Friday, July 10, 2009

Alzheimer's Disease and Nicotine

In 1997, researchers at a university in Basel, Switzerland autopsied the brains of 301 patients who were 65 years or older when they died. Specifically, researchers were looking for neurological “tangles” and plaques that are seen in Alzheimer’s Disease (AD). Researchers had obtained a smoking history and were able to match 72 pairs for age and sex. In 28 of the pairs of smoking versus non-smoking women, smoking appeared to provide a protective effect against senile plaque formation.

More recent research has claimed that smoking increases the risk of AD. If that’s true, it must be something about smoking other than the nicotine causing problems. Research has been done and continues to be done using nicotine to treat AD.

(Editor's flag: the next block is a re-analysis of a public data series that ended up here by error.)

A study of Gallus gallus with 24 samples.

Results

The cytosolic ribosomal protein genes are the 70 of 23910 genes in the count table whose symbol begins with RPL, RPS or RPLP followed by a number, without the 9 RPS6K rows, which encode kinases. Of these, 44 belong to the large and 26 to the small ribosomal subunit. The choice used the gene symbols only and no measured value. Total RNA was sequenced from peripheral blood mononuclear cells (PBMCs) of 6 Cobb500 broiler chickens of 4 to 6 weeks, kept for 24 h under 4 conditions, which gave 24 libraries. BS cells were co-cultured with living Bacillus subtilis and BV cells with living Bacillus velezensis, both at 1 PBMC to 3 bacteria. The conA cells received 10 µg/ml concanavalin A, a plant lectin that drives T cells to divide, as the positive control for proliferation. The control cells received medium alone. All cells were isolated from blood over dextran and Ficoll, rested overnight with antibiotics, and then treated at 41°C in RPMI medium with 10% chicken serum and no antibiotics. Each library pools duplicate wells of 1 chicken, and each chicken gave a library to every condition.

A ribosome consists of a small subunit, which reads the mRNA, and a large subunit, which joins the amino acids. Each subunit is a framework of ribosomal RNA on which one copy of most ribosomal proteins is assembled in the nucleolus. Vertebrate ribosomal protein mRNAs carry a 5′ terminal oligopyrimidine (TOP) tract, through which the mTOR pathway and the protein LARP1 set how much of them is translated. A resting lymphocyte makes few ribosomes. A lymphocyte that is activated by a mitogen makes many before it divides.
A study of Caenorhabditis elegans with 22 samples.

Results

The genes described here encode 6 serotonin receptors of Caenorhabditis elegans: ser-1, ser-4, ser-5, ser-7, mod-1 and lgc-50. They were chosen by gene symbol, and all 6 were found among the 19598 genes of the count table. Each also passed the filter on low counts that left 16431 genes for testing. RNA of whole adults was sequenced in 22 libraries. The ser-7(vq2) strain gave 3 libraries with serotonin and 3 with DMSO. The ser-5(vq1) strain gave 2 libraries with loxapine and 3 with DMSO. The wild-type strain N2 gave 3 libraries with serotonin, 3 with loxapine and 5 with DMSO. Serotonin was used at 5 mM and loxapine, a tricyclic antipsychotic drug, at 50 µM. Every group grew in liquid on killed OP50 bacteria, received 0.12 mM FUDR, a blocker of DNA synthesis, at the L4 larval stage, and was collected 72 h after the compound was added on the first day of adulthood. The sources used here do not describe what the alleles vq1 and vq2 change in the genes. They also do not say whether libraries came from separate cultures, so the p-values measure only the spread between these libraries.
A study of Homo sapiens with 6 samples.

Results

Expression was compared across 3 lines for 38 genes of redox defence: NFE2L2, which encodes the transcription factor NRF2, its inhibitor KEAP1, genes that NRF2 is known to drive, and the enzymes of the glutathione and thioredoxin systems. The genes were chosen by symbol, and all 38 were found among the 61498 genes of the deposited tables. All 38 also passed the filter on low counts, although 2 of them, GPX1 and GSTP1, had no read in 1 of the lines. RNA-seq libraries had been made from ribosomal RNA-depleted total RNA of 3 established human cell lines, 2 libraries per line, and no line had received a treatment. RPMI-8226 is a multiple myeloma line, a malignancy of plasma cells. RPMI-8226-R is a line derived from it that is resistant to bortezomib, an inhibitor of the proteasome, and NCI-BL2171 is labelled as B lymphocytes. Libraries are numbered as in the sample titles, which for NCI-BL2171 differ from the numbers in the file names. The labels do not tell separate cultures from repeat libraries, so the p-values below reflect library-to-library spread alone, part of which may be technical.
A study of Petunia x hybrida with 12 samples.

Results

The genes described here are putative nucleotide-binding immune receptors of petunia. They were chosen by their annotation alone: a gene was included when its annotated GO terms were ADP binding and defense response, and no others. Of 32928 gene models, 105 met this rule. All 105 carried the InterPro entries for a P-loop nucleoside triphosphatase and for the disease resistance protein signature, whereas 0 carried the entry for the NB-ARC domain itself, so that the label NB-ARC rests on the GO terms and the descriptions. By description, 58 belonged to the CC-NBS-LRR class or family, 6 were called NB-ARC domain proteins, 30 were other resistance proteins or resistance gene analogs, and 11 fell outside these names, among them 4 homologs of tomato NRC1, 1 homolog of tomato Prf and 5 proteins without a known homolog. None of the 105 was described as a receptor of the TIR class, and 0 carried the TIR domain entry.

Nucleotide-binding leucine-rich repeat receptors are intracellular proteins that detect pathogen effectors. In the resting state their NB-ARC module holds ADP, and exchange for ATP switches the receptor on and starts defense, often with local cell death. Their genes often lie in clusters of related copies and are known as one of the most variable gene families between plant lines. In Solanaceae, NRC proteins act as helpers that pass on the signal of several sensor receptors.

A 4-week trial using a nicotine patch demonstrated significant improvement in attention for AD patients. Another trial provided 2 mg. nicotine gum and placebo to a group of AD patients while administering an electroencephalogram (EEG) to measure brain wave activity. Nicotine significantly shifted EEG toward normal values. The National Institute on Aging is conducting an ongoing study of a nicotine patch to treat Mild Cognitive Impairment (MCI).

Galantamine is a substance extracted from
the bulbs of the daffodil. It was already being sold as a nutritional supplement before pharmaceutical companies turned it into a prescription drug (Reminyl) for the treatment of AD. In 2006, German researchers reported on a study using galantamine to reduce smoking in alcohol-dependent subjects. Across the 24-week study, smokers reduced their cigarette consumption by about 20%. Results were validated by measuring blood levels of cotinine. [Int J Clin Pharmacol Ther. 2006 Dec;44(12):614-22.]